Margate synagogue saved after ‘anonymous benefactor’ steps in

An offer was accepted on the Cliftonville premises just before it was due to go to auction


A campaign to save Margate Hebrew Congregation’s 1920s building in the Cliftonville area has succeeded, raising the £300,000 needed to take over the property to become a cultural Jewish space. 

Save Our Shul (SOS) was able to have the building withdrawn from sale just as it was due to go for auction thanks to an “anonymous benefactor”, and contracts were exchanged on December 24.  

The synagogue will soon be handed over to the newly-formed Cliftonville Cultural Space CIC, which will then conduct a local consultation “to ensure that the new space is a welcoming meeting point for everyone, reflecting Cliftonville’s cultural pluralism and bringing people together”.  

The synagogue had been put up for auction in early November by shul management after upkeep of the premises became unmanageable for the 11-strong community.  

Geoffrey Gradus, the shul’s chairman, previously said they would maintain the synagogue’s charity with hopes of finding a smaller venue to relocate to.  

The building, originally constructed Jewish holidaymakers in the seaside town, had also attracted the interest of two Union of Orthodox Hebrew Congregation rabbis, who claimed the organisation would be “willing and able to take it over”. 

Now the deconsecrated site will become a venue for “music, theatre, dance, exhibitions and food, as well as celebrating the rich history and diversity of the area.” According to the campaign, fundraising for the conversion will begin in early 2021, with a view to opening the space to the public by late 2022.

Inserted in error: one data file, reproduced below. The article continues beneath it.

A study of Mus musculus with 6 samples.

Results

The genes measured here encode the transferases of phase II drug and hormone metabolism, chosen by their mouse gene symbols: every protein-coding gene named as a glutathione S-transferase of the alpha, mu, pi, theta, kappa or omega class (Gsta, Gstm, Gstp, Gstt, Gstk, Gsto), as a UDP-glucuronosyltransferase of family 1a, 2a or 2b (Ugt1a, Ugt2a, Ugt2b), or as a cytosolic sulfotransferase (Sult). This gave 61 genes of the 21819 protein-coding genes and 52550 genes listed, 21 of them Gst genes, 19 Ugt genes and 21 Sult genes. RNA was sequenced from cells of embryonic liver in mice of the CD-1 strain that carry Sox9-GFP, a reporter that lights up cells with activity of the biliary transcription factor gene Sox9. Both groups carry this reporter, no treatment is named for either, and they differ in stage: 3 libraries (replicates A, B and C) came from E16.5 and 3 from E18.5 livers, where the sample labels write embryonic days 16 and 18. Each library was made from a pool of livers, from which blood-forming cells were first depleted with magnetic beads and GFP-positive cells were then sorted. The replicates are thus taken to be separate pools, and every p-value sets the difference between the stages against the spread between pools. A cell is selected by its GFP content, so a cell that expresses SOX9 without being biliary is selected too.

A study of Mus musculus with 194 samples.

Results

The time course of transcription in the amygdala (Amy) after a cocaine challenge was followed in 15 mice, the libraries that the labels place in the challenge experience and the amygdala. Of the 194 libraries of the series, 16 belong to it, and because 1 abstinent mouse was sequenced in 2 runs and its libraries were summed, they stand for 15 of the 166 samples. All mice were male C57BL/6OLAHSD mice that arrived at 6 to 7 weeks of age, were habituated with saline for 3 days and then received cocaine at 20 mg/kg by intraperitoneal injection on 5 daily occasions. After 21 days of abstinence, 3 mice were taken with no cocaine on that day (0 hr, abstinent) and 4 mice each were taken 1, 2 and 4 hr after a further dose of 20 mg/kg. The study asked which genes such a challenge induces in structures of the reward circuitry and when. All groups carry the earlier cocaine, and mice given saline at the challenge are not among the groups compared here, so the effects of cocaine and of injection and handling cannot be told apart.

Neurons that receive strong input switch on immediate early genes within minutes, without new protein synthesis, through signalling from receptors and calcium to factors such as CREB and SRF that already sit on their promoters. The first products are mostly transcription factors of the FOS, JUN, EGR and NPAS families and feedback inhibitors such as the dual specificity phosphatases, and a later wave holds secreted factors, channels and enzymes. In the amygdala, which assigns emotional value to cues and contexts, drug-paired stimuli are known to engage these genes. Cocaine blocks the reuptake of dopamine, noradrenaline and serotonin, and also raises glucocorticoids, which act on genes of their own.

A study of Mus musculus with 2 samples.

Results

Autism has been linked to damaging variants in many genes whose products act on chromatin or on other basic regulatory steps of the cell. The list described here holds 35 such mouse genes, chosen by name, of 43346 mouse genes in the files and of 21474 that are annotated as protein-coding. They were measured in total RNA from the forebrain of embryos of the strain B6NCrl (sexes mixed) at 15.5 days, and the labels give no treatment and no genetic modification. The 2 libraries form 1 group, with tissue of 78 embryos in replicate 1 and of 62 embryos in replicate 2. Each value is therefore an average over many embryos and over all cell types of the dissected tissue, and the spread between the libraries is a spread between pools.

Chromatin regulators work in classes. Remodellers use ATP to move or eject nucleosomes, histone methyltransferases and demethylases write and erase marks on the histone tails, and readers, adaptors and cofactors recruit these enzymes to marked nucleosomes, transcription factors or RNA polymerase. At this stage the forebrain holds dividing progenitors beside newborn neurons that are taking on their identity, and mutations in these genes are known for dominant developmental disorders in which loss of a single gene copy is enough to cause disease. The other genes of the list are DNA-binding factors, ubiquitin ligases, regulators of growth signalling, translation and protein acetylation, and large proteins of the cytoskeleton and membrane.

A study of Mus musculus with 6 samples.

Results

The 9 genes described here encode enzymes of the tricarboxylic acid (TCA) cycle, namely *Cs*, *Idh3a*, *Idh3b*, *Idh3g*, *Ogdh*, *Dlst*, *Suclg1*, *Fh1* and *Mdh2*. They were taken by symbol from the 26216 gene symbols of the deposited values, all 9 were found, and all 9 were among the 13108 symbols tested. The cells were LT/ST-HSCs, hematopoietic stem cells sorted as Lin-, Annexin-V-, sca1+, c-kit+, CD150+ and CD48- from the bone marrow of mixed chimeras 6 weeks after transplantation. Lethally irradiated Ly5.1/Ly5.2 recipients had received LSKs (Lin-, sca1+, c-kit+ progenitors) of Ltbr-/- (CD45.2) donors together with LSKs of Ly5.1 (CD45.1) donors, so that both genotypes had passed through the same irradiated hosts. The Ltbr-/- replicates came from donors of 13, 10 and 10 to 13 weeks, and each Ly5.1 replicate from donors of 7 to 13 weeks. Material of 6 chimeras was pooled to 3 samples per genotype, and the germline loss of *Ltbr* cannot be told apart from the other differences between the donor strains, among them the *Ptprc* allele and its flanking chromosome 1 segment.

Francesca Ter-Berg, a klezmer cellist heading the all-female campaign to save the synagogue, said it had been a “massive relief” when they received the funding to take over the synagogue. 

“There were many sleepless nights and even some tears,” she said. “But we did it, it feels amazing and we are all so excited about the next steps. We have the full support of the local community and it has been amazing to connect with people from all over the world who have a historical personal relationship to the Synagogue itself.”

SOS also received support from some notable faces in the arts, including Margate-raised film director Arnold Schwartzman OBE, actors Sir Ben Kingsley and Steven Berkoff, as well as The Great Pottery Throwdown judge Keith Brymer Jones. 

Upon hearing the news, Mr Schwartzman described it as a “miracle for Margate”. 

During the First World War, the then synagogue was used for prayer by Jewish soldiers stationed nearby before they went off to fight in France. 

The current building was constructed in the 1920s at a cost of around £6,000. 

According to a report from 1928 from the Isle of Thanet Gazette on the laying of the building’s foundation stone, the synagogue was established to meet increasing demand from Jewish visitors. 

In 2017, the shul was forced to cancel its Rosh Hashanah and Yom Kippur services because of a lack of numbers. It has not held formal services since then.